A Little Happier: Why Did This Couple Break Up as Soon as They Decided to Get Married?

There’s a certain curious kind of experience that often strikes me.

Something will happen, or I’ll read something, or a friend will tell me a story, or I’ll witness something, and it will hit me with tremendous force.

It will be filled with meaning, but often, I don’t know what that meaning is. I don’t understand the symbolism, I don’t see the pattern, I can’t grasp the lesson.

I’ll puzzle over these episodes for years.

For instance, that’s how I got my insight into the Four Tendencies. A friend told me, “It’s weird. I know I’m happier when I exercise. And when I was in high school, I was on the track team, and I never missed track practice. So why can’t I go running now?”

Well, why? I could think of many possible answers, but what truly made the difference?

I thought and thought and thought about it, and along with other patterns I’d noticed, that comment led me to my breakthrough to create my Four Tendencies personality framework.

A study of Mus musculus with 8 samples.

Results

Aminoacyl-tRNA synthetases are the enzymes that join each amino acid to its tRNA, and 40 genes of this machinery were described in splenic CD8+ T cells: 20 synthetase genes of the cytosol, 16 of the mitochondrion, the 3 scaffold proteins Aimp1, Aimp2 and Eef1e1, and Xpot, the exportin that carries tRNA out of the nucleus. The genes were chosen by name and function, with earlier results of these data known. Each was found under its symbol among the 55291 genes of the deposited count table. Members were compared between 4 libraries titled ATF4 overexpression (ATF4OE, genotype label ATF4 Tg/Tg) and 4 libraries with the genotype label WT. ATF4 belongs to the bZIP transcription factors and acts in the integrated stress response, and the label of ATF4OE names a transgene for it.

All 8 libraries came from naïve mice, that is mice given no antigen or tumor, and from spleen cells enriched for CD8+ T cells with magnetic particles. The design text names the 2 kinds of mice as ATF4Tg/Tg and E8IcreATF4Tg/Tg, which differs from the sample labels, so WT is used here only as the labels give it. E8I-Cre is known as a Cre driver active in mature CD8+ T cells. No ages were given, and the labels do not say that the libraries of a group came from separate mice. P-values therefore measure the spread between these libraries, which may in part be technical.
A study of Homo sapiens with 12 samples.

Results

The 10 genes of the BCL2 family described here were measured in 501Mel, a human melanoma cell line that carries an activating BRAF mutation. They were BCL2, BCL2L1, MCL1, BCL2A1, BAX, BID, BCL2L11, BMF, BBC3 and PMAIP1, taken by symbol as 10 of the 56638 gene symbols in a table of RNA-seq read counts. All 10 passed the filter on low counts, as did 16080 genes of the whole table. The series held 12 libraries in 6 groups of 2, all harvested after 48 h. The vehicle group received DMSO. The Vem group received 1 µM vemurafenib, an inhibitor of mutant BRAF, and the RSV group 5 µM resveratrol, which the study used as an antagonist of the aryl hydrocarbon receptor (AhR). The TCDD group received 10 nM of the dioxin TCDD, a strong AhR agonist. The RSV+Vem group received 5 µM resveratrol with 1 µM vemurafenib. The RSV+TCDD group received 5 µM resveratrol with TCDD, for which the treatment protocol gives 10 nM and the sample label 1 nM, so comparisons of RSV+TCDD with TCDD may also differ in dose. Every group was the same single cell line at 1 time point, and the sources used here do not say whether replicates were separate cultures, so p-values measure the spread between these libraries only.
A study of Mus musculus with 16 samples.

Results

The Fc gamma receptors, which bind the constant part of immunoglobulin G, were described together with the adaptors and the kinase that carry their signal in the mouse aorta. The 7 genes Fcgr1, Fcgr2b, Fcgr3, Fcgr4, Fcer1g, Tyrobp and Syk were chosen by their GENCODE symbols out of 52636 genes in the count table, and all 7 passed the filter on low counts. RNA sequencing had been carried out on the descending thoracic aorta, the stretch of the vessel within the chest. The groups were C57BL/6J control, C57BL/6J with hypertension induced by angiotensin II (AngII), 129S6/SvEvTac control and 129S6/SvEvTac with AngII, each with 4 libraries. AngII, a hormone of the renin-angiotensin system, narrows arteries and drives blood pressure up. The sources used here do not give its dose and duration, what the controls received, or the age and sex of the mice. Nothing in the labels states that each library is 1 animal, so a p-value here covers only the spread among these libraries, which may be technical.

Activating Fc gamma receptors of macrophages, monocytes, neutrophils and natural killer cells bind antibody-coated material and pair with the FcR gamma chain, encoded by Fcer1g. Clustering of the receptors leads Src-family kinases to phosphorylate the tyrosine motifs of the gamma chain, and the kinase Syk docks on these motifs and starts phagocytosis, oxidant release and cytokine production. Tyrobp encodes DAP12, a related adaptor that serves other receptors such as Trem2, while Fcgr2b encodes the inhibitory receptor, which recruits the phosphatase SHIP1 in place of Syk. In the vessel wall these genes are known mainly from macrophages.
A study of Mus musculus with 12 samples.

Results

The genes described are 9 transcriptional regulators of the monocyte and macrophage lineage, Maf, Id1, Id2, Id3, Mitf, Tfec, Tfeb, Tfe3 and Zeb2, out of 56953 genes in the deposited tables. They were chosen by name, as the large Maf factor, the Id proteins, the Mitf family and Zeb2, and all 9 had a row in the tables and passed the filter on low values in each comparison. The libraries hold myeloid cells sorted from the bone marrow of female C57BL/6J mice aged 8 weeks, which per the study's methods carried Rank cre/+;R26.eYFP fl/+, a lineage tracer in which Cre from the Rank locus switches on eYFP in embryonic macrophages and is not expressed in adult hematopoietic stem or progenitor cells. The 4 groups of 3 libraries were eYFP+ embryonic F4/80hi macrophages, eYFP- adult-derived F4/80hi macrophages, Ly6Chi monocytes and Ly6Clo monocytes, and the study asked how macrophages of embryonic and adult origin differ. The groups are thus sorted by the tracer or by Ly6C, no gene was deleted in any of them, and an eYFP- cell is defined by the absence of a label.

Here’s another story that I’ve reflected on for years.

When I was in law school, I had a friend, a fellow law student, who had a girlfriend. They’d been together for two or three years, she lived in another city but visited him in law school fairly regularly, and she seemed very nice.

And for months, my friend and his girlfriend were arguing about whether or not to get engaged. They were really struggling with the decision—whether or not to do it, the timing, all of it.

Finally, they got engaged. And almost immediately, they broke up, very amicably.

This astonished me.

I asked my friend, “I don’t get it. You’re so in love that you’re thinking of getting married, and then you get engaged, and then you break up? What happened?”

He shrugged and said, “For the last several months, all we talked about was whether or not to get engaged. That question was what we had in common, and once it was settled, we realized we didn’t actually want to be married.”

I think about this story because I’m not sure what the lesson is.

  • Is the lesson that some relationships are founded on conflict, and if the conflict is solved, the relationship loses its hold?
  • Is the lesson that we can be distracted and confused by uncertainty, but certainty brings clarity?
  • Is the lesson that sometimes, we want what we can’t have, and once we get it, we don’t want it anymore?

Probably this incident holds many meanings, and that’s why I’ve remembered it for so long.